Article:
Microsoft announces plans to silently update Internet Explorer
Report finds Microsoft Internet Explorer 9 ahead of Google Chrome and Apple Safari in blocking malic
Microsoft is to offer silent updates to Internet Explorer in what it calls "an important step in helping to move the web forward".
According to a statement by Ryan Gavin, general manager of Internet Explorer business and marketing, customers in Australia and Brazil who have turned on automatic updating via Windows Update will be the first to get the updates.
“Similar to our release of IE9 earlier this year, we will take a measured approach, scaling up over time. As always, when upgrading from one version of Internet Explorer to the next through Windows Update, the user's home page, search provider, and default browser remains unchanged,” said Gavin.
“We want to make updating to the best protection possible as fast and simple as we can for Windows customers. Internet Explorer is how millions of Windows customers connect to the web, so keeping that part of Windows updated at all times is critical to keeping them safe online. With automatic updates enabled through Windows Update, customers can receive IE9 and future versions of Internet Explorer seamlessly without any ‘update fatigue' issues.”
Enterprises will be able to update their browsers on their schedule, and Gavin said the Internet Explorer 8 and 9 Automatic Update Blocker toolkits will prevent upgrades for Windows customers who do not want them.
“We firmly believe that IE9 is the most compelling browser for business customers, and we want them to make the decision to upgrade at their convenience,” he said.
“Similarly, customers who have declined previous installations of IE8 or IE9 through Windows Update will not be automatically updated. Customers have the ability to uninstall updates and continue to receive support for the version of IE that came with their copy of Windows.”
Consumers will also have the option to block the update and upgrade manually.
Microsoft said it built IE9 with a focus on modern web standards and interoperability so developers could spend less time coding for specific browsers and focus on building 'the next big thing on the web'. The beta launch of IE9 in September 2010 was noted for its similar features to Google Chrome, and follows Google's move to silently update Chrome.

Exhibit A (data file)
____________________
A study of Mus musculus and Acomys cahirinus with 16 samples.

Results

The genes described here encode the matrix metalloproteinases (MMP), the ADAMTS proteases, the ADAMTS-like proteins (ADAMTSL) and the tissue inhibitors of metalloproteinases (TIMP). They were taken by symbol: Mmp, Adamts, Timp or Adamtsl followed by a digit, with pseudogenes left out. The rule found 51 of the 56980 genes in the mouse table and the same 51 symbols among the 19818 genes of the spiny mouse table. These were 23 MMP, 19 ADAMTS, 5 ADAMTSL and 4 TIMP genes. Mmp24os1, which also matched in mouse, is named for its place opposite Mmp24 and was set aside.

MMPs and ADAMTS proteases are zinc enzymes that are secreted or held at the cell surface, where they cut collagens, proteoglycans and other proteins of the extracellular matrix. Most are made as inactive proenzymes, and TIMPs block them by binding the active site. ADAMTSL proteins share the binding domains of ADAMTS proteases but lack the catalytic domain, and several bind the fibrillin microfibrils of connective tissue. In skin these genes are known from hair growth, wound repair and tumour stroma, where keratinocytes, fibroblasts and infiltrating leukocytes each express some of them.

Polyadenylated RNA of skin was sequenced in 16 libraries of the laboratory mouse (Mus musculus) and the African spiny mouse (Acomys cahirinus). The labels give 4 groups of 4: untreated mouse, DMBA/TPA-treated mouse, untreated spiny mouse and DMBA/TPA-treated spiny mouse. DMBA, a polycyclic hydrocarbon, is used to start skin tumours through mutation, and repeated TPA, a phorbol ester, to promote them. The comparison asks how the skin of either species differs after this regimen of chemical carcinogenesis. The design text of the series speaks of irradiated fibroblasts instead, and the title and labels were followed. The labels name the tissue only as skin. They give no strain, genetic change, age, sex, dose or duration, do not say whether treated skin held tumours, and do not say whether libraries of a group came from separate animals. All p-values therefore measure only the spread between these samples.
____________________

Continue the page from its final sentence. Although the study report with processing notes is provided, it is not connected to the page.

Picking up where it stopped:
Talking to SC Magazine, Paul Henry, security and forensic analyst at Lumension, said that rather than replicating Google, Microsoft is simply doing what is necessary to reduce risk.
Asked if this will be better for IT managers, Henry said: “Web browsers have become a primary threat vector and rarely require a reboot after a patch, making them a great candidate for automated patching to reduce the respective threat envelope. That being said, there is still the issue of third party add-ons to the browser that this will not address.
“The impact on users will be minimal; however, the impact on a large community of users could be large in terms of bandwidth. It is assumed flaw remediation vendors will quickly move to adding order to the process in order to handle distribution from a centralised server to reduce or at least control the impact.”
Wolfgang Kandek, CTO of Qualys, called this "good security news" as it will eliminate the pop-up window that currently allows users to opt-out or postpone the update.
He said: “Being on the newest possible Internet Explorer (IE8 on WIndows XP, IE9 on Vista/Win7) brings a significant increase in security and robustness to malware infections due to better architecture, sandboxing and the included URL filtering feature.
“Overall this change is in line with the new update mechanisms coming in Windows 8, which will make the overall update experience much smoother for Windows users. As expected, Enterprise users that control their patches tightly will not be affected by the change; they will continue to have full control over the versions of their browsers.
Jason Miller, manager of research and development at VMware, said: “As Microsoft stated, the number one attack vector to exploit vulnerabilities is through browsers. Currently, Microsoft releases updates for their Internet Explorer browser bi-monthly but this is a long period between updates.
“However, very rarely, Microsoft will release a patch out-of-band if there is a zero-day exploit that is actively being exploited in the wild. In the last three years, Microsoft has gone out-of-band to release an update for Internet Explorer independent of Patch Tuesday three times.
“Releasing new versions of the browser more often will greatly increase the security of network computers and their browsers. One of the challenges administrators will face is knowing when these updates are released. Currently, administrators know an update for Internet Explorer will fall on the second Tuesday of every other month. By releasing out of cycle, the maintenance window is greater and could potentially impact both administrators and users. If Microsoft takes the pace of releasing new updates at the pace of Google, administrators will need to greatly expand their patch maintenance window.”
Asked if this move spelt the beginning of the end of Patch Tuesday, Henry said: “No – for OS-level patches and some application patches you have the issue of reboots to consider. Further, many applications allow user extensions that can be broken with a patch. Simply put, we need a better sense of order and I do not see that being ‘set on auto pilot' any time soon.”